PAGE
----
Me
Simon Watin pour VPLP
© Thierry Martinez

Simon Watin: “Working on projects which are worthwhile and meaningful”

Simon Watin, 35, is one of the four engineers and architects who will assume the collegial management of VPLP Design when the co-founders Marc Van Peteghem and Vincent Lauriot Prévost decide to step back from full-time duties. He will take on the role of chairman at the end of the handover process, which will continue for a few more months yet.

Simon, tell us about the path that, in a few months, will have taken you to the chair of VPLP Design?

I started out as a youngster racing dinghies and made it to European level on 420s. However I was far more talented in maths than racing, so I changed course to prepare for a career in engineering and entered the École Polytechnique in 2004. I then did a master’s degree in naval architecture at ENSTA Paris. Back then VPLP already had a great reputation so I hung around Marc until he gave me an internship in 2008, before setting off for a tour of the Atlantic on a Jeanneau Aquila. I spent a year at Doyle Sails in New Zealand and then Vincent called me in early 2011 for the 34th America’s Cup. I spent a lot of time working on the development of the CFD and the VPP at the firm before being assigned to Artemis in San Francisco with Vincent. I left VPLP and joined Artemis in the role of design coordinator at the end of the second campaign in Bermuda. After the sponsor withdrew, the team reinvented itself as a design office and we worked on the Macif M101 ultimate, on some IMOCAs, on projects to build foiling ferries… Throughout that time I remained in contact with Marc and Vincent. I wanted to return to France and when they offered me the chance, in early 2020, to come back to continue the development of the maritime project Canopée, doing it the VPLP way, I didn’t need much persuading.

I’m glad you mentioned that, how do you define the “VPLP way”?

I would say that it’s about working horizontally, leveraging all the in-house competencies of the firm on projects that have added value AND are meaningful. I believe that’s how we worked on the Canopée, for example.

So you’re taking the chair of the firm, but the management is collegial…

Yup, that’s the idea. Governance will be done by four of us, with Quentin Lucet in charge of racing projects, Mathias Murios looking after recreational craft, Xavier Guisnel running the engineering team, and me heading the maritime side. And if we need a deciding vote, that will be mine.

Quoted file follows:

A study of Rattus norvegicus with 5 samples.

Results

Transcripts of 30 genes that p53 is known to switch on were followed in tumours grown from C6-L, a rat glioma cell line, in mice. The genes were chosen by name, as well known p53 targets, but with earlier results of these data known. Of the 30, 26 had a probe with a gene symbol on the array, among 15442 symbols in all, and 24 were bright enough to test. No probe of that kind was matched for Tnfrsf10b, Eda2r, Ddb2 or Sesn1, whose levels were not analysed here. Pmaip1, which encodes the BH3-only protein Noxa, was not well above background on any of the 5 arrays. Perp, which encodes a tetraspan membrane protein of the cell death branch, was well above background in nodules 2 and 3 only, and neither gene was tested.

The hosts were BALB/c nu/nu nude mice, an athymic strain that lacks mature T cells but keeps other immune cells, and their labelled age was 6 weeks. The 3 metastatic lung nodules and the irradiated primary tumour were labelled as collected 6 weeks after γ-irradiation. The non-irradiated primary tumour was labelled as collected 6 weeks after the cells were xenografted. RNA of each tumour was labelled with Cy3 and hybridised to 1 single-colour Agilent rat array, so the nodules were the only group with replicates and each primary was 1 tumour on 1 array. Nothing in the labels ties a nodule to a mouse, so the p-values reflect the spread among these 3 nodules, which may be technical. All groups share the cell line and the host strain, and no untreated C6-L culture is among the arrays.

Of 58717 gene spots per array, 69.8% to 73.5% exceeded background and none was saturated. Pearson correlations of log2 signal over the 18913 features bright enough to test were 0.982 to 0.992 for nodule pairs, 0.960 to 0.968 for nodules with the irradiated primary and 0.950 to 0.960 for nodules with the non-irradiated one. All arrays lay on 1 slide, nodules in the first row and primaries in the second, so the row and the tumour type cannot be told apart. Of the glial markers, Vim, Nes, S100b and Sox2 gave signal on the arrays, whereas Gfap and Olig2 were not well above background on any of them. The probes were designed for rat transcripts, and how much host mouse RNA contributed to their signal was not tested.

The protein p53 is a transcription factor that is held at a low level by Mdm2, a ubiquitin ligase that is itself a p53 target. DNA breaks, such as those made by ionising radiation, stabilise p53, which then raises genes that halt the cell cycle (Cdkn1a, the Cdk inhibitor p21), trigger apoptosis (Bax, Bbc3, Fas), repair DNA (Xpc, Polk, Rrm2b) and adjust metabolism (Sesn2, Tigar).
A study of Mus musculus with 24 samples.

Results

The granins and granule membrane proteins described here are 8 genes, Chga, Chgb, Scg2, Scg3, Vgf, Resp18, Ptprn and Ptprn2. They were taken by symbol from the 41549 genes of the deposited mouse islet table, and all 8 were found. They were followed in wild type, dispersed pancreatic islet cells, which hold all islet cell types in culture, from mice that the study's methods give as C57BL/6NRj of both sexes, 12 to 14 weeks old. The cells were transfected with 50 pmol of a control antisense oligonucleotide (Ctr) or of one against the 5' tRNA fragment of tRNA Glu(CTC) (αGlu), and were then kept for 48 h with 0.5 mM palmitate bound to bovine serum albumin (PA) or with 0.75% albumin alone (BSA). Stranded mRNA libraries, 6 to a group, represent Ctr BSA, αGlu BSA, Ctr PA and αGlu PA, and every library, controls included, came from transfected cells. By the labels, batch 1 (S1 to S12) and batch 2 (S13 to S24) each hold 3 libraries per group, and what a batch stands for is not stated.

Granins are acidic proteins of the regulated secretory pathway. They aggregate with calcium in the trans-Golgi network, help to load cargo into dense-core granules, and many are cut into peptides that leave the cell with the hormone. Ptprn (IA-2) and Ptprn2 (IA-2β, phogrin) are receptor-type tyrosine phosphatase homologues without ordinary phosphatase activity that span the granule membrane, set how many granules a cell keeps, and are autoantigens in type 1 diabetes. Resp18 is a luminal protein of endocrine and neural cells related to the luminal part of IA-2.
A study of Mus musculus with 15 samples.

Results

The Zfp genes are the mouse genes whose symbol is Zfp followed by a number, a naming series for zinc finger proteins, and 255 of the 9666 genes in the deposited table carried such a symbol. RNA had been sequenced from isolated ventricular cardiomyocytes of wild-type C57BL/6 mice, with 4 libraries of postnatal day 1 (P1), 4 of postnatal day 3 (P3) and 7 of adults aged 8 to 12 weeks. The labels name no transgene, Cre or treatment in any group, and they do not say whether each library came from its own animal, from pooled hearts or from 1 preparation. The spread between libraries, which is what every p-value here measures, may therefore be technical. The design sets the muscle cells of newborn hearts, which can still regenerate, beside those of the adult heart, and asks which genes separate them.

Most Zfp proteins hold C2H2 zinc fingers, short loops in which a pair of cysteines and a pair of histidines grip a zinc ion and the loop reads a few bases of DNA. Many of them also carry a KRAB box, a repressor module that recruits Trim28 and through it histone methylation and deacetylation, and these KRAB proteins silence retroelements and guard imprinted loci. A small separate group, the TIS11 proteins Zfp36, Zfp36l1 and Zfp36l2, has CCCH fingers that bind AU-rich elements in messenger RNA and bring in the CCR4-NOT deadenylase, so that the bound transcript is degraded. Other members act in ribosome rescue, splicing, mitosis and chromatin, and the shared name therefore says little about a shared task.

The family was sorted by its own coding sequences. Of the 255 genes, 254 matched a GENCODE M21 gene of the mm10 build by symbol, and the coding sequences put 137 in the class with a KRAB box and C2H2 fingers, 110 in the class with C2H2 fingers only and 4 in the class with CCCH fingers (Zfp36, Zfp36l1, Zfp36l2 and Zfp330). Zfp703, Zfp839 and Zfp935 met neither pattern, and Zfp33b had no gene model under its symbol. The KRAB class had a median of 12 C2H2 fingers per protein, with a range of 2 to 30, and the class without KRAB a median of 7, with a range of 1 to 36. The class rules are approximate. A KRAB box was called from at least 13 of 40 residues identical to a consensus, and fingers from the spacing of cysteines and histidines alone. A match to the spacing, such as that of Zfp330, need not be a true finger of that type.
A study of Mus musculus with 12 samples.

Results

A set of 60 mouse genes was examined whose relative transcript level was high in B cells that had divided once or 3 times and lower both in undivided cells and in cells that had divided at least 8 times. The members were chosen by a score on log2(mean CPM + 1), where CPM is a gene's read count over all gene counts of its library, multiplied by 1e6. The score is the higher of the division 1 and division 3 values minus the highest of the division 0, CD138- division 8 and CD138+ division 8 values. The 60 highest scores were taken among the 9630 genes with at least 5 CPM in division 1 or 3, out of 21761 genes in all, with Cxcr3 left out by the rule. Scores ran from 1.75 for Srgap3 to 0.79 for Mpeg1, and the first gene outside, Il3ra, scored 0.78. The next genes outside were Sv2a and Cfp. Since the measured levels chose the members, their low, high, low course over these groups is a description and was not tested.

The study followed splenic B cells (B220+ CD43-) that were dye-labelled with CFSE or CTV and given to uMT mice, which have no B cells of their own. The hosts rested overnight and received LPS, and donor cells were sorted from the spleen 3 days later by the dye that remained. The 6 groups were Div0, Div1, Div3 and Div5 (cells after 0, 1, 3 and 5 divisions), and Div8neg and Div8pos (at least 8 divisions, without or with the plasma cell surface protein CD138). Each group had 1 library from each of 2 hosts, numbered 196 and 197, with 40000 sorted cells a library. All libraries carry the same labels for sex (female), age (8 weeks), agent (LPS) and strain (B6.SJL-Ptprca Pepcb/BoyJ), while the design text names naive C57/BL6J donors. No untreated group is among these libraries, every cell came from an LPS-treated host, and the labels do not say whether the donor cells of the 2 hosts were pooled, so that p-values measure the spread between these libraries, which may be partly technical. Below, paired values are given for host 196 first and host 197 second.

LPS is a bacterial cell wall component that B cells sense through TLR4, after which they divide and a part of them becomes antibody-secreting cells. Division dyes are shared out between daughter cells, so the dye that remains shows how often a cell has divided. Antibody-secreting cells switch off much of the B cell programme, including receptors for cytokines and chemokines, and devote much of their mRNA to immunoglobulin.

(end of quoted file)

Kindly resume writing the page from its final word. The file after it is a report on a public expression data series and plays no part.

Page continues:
What will Marc and Vincent’s roles be in the forthcoming transition period?

The idea is for them to keep a watchful eye over things, a sort of mentoring at every level. We all have a close relationship with them, and we’ll be calling regularly! This new system of governance was announced early so that they can continue to support the team and the firm’s customers for as long as they deem it necessary. Effectively we’ve formalized a way of working but in the day-to-day running of the firm, Marc and Vincent have taken a step back from the operational side but are still very present strategically. In the same period Marc and Vincent will be turning the firm over to us, the four members of the collegial management.

What challenges have you four identified for the future of the firm?

Our thinking is pretty broad ranging, looking at the environmental impact of our designs in racing, cruising and working vessels. We are very humble in our approach, asking ourselves lots of questions on how sailing vessels will be used in the future, reflecting on new ways of getting out on the water. How do we reconcile customer demands and our environmental impact? How do we do contribute to this essential effort? We explore, we suggest, we experiment… It gets us out of our comfort zone, and that’s exciting!